Battery swapping could make heavy-duty battery vehicles a viable alternative to diesel, but there are obstacles before this bastion of fossil-fuel transport falls. Once overcome, annual sales could reach 350,000 units by 2030, a China-based transport analyst predicts.
Trucks and buses make up 10% of China’s on-road vehicle fleet but account for 50% of greenhouse gas emissions, according to a China Daily report. The country is also the world’s biggest greenhouse gas emitter in absolute terms.
A combination of rising oil prices and concerns about the environment could stimulate a market for swapping, bolstered by government incentives, Shirly Zhu, principal analyst for the technology market research company Interact Analysis, wrote in a report published earlier this year.
Battery swapping offers a host of benefits. They can be charged off peak when electricity is cheaper and the load on power stations is lower, she told Lube Report. Swaps can also take a few minutes rather than hours.
“Due to the fast ‘energy refilling,’ a battery-swapping station does not require as much space as a charging station to serve the same amount of new energy vehicles,” Zhu explained.
While sales of battery EV heavy-duty trucks have increased significantly in the past year in China, they still account for only about 1% of total heavy-duty truck sales.
Overall, truck sales in China in the first quarter of 2022 declined 44% year on year. Over the same period, new energy truck sales increased by 231% to 13,191 units, of which vehicles in the heavy-duty category rose by 664%, with 4,729 units being sold in the first quarter of 2022.
Zhu points out that major challenges must be faced before broad acceptance is possible. Foremost is uniformity. According to the automotive website Autopian, China’s truck market is fragmented between dozens of original equipment makers. It is also regionally divided with few companies selling nationally. Each company has its own battery design.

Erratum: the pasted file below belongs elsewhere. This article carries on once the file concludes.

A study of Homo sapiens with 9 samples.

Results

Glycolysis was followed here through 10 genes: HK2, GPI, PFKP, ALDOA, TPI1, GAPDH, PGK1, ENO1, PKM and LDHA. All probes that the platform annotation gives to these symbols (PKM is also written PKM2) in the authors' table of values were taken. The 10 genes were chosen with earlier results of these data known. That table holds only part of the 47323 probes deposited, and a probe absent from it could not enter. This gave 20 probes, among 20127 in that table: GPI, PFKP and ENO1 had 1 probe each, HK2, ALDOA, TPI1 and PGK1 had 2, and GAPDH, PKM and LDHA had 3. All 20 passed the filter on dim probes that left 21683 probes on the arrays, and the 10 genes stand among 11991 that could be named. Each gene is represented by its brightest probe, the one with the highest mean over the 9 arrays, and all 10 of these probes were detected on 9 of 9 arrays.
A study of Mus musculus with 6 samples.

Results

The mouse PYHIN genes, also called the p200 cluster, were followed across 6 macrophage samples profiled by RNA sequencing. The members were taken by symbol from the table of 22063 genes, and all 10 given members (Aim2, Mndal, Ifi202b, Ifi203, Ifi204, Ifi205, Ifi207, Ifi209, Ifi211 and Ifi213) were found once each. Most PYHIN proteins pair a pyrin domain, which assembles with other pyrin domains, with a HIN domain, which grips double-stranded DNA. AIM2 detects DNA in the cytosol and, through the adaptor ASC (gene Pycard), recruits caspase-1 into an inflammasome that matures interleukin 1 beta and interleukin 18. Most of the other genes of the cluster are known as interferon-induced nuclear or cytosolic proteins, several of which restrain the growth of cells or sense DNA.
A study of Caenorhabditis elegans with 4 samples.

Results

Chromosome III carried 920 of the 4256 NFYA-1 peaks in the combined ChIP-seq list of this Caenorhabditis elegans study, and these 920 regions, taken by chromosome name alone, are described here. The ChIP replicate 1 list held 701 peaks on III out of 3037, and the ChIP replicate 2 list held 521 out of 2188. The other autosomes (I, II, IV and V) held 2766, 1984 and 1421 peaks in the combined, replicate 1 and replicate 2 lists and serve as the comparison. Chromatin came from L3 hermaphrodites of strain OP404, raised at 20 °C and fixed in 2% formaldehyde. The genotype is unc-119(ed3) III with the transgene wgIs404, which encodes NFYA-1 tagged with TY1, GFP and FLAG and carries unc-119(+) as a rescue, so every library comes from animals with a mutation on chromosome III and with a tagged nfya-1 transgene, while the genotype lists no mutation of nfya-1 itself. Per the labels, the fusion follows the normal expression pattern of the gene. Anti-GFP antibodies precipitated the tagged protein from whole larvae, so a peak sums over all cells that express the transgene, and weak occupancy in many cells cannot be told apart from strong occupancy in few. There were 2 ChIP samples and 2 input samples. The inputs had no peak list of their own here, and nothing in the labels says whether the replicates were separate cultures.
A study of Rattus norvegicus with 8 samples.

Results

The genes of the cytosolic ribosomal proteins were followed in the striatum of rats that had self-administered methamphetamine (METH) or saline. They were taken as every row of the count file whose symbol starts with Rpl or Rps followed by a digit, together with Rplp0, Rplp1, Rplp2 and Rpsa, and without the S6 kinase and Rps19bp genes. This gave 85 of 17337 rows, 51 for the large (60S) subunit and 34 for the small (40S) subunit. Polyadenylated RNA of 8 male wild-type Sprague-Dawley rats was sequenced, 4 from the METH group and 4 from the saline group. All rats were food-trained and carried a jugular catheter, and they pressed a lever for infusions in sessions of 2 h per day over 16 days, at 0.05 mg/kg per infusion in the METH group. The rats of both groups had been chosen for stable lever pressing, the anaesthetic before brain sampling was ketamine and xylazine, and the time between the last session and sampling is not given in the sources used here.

Until the heavy-duty truck industry achieves uniformity, operators will struggle to offer a comprehensive service and be financially viable, Zhu wrote. She is cautious about when the adoption tipping point may be.
“It’s difficult to say a specific time point, but there is a potential to be materialized in the long term,” she told Lube Report. “Government engagement plays a key role” to expand the battery-swapping network.
Other contributing factors include sales reaching critical mass and operators exploring diversification of revenue streams through battery recycling for other applications, she said.
Zhu also points out concerns about the safety of storing large numbers of batteries at a swapping facility, as well as the scale of investment in acquiring stocks of swappable batteries.
The last point is notable since there are questions regarding the useful lifetime of batteries and how often they can be recharged.
The swapping solution could enhance battery lifetimes because batteries could be recharged using the slow-charging process instead of the fast-charging process, which can shorten battery life, Zhu said.
Other challenges outside of the technology itself – the commercialization of fuel cells, which the Chinese government is promoting, and advancements in solid-state battery technology – could make battery-swapping unviable, Zhu explained.
“It’s hard to say if all these inhibitors will be overcome in the future, lack of industry standard for battery-swapping is on the top of the barrier list, some local governments in China started to work on standards but it requires cooperation between OEMs and battery manufacturers at the end of the day,” Zhu told Lube Report.